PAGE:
Washington, 2 September 1998 (RFE/RL) -- The Russian economic crisis has made some leading U.S. Congress members nervous about providing unqualified support to President Bill Clinton's request for almost $18 billion for the International Monetary Fund (IMF).
The 100-member Senate returned to Washington this week from its summer holiday recess and the full Senate is expected to begin debate today (after 1700 CEST) on the Clinton Administration's foreign aid request. The foreign aid legislation not only includes money for direct U.S. economic assistance, but the IMF funding request as well.
In his weekly press briefing Monday, Senate Majority Leader Trent Lott (R-Mississippi) indicated that support for the IMF money is tied to Administration agreement to seek more control over IMF policy.
Said Lott: "I expect if the administration ... agrees to some of the conditions and the policy changes that we've been advocating, that those funds will be provided, or some funds."
Lott's Republican Party controls the Senate. However, the Senate Minority Leader, Thomas Daschle, (D-South Dakota), promised to fight for passage of the IMF funding, saying it is a top priority.
The White House has asked for $14.5 billion for the U.S. share of the general IMF quota. In addition, it has asked for $3.4 billion for U.S. participation in a special arrangement among the richer nations that makes short-term loans available to the IMF when its own resources run short, as during the current financial crises.
While the Congress was on holiday, the IMF, the World Bank and other international institutions worked out an emergency $22 billion assistance package for Russia. Economic analysts say the first portion of the aid, nearly $5 billion dollars, was spent by the Russian Central Bank in an unsuccessful attempt to keep the ruble from losing value.
IMF Managing Director Michel Camdessus said last week that the scheduled disbursement in September of the second portion of the aid package, more than $4 billion, could be delayed if the government has not taken action to stabilize the Russian economy.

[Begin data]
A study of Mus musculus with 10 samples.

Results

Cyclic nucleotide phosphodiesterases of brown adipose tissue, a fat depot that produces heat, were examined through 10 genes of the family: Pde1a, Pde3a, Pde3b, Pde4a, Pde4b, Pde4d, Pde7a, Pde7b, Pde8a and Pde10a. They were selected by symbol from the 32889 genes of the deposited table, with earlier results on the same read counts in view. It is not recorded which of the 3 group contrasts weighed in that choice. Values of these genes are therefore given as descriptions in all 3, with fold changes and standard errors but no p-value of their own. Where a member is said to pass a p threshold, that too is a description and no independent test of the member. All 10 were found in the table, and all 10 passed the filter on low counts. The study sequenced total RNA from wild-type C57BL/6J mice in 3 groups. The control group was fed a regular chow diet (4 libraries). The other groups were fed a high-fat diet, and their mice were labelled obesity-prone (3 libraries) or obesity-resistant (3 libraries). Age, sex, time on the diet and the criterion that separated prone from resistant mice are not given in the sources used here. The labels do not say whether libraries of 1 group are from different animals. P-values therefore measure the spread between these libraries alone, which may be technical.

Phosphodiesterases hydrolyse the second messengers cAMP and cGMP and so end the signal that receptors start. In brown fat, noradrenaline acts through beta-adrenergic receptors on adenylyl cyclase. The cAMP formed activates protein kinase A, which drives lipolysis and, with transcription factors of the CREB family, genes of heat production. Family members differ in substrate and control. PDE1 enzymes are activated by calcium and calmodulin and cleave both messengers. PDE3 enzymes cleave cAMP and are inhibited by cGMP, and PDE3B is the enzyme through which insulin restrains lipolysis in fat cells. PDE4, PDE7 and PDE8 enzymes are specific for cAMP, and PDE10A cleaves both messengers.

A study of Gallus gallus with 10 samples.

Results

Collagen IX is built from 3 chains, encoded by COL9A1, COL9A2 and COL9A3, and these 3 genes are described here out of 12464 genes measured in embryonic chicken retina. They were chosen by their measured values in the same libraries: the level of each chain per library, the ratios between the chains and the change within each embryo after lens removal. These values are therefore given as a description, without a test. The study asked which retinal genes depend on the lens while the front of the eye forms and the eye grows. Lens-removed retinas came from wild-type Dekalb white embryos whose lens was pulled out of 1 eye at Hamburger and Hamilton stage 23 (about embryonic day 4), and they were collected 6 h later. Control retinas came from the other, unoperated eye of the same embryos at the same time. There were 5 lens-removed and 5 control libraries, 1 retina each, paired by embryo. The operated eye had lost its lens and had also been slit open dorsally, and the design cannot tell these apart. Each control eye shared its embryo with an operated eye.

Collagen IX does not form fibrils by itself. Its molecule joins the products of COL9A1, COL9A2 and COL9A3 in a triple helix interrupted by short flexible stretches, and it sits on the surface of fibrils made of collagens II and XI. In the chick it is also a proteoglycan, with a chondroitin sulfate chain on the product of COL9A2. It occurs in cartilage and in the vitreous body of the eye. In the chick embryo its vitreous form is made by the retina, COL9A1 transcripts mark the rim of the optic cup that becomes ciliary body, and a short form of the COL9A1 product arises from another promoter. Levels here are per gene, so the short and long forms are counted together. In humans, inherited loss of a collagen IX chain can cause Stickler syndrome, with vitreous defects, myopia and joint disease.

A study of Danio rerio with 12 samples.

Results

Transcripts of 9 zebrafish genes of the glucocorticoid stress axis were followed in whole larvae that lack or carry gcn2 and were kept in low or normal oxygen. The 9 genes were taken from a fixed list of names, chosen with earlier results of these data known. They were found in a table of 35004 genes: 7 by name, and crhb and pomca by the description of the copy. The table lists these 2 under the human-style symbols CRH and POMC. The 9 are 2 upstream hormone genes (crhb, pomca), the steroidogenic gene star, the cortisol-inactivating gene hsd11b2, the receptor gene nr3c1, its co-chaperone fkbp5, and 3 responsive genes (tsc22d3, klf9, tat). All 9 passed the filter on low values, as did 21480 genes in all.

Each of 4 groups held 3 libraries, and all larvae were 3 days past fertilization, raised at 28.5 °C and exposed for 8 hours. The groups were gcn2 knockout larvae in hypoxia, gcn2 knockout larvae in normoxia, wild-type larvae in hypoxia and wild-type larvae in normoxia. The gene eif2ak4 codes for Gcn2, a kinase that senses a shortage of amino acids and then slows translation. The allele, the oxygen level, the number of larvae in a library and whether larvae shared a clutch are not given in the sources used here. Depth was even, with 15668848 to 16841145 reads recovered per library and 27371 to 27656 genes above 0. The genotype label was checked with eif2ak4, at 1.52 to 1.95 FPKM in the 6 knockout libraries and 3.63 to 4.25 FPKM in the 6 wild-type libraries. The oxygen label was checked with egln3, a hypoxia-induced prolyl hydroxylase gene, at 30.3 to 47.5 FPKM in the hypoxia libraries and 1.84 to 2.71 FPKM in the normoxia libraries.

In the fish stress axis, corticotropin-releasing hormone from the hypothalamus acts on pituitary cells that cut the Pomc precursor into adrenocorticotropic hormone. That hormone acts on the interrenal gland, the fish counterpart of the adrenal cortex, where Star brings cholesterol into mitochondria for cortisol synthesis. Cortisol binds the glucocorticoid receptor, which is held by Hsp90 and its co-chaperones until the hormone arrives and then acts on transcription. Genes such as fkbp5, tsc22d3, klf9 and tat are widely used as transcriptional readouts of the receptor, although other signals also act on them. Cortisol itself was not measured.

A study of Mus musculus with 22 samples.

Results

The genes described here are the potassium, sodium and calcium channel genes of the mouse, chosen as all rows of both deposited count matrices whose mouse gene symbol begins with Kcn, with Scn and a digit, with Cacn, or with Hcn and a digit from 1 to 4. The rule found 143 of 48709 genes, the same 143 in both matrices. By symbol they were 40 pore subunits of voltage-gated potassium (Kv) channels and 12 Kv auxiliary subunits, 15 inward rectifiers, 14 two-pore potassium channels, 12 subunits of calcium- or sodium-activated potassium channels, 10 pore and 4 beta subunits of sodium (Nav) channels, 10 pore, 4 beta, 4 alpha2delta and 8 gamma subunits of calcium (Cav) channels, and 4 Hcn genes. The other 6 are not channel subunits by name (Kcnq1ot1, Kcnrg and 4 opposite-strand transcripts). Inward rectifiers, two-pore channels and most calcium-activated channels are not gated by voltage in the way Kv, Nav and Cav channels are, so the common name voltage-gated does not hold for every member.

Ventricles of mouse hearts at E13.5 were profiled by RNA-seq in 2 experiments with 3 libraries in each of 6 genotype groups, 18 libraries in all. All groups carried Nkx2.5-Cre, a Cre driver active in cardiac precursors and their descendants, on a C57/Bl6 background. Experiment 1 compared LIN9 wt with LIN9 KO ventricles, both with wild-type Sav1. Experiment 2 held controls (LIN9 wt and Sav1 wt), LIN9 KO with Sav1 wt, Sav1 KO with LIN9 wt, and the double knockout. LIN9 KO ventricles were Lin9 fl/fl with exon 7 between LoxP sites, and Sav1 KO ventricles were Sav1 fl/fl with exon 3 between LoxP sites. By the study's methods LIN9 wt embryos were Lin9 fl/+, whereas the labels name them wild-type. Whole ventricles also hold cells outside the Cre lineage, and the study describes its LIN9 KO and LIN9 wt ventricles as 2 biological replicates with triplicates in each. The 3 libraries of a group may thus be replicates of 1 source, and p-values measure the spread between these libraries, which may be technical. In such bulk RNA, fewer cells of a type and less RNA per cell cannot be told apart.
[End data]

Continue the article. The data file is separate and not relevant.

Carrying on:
Senator Lott is skeptical about the wisdom of further aid for Russia during the current crisis, contending that the government in Moscow has done little to advance the cause of reform.
He said: "They're not doing what needs to be done in Russia. We put $22 billion through the IMF and other world trade operations, I suppose, into that -- to their problems, and to what avail? They have not complied with the rule of law. The Duma has not passed the reforms that have been asked for, even by the IMF."
Even if the IMF funding passes the Senate, it still faces an even more uncertain future in the House of Representatives. The 435-member House must also approve the foreign aid legislation. The House returns from its summer recess next week, and in an interview with the Washington newsletter, "Congressional Quarterly Daily Monitor," an influential House member said he is rethinking his support for the Administration's request.
Congressman Robert Livingston (R-Louisiana), the chairman of the Appropriations Committee, told the newsletter that the Russian crisis has made him "sit up and notice," the possible "waste of taxpayers' dollars." The Republican Party also dominates the House. Clinton is a Democrat.
House Republican Leader Richard Armey (R-Texas) and the third-ranking House Republican, Tom DeLay of Texas, also oppose full funding for the IMF. Delay recently told reporters that he believes the IMF has shown itself to be incompetent.
IMF critics plan hearings to review the IMF's role in Russia. The House Banking Oversight Subcommittee said it would call Karin Lissakers, U.S. executive director of the IMF, and David Lipton, Treasury undersecretary for international affairs, to testify next week.
As far as bilateral U.S. economic aid is concerned, the Administration's request for foreign aid is expected to pass the Senate. The president has asked for about $14 billion for foreign operations, but the Senate is expected to approve only about $12.6 billion.
The Senate bill provides $740 million for former Soviet states, including $210 million for Ukraine, $90 million for Armenia and $95 million for Georgia. The Senate bill also maintains a ban on all but humanitarian U.S. aid for Azerbaijan because of its economic blockade of Armenia. Aid to Eastern Europe and the Baltics is set at $433 million.
After the Senate and House have approved their foreign aid bills, the two measures must be reconciled into one bill and then approved again by the House and Senate before the measure is sent to Clinton for his signature.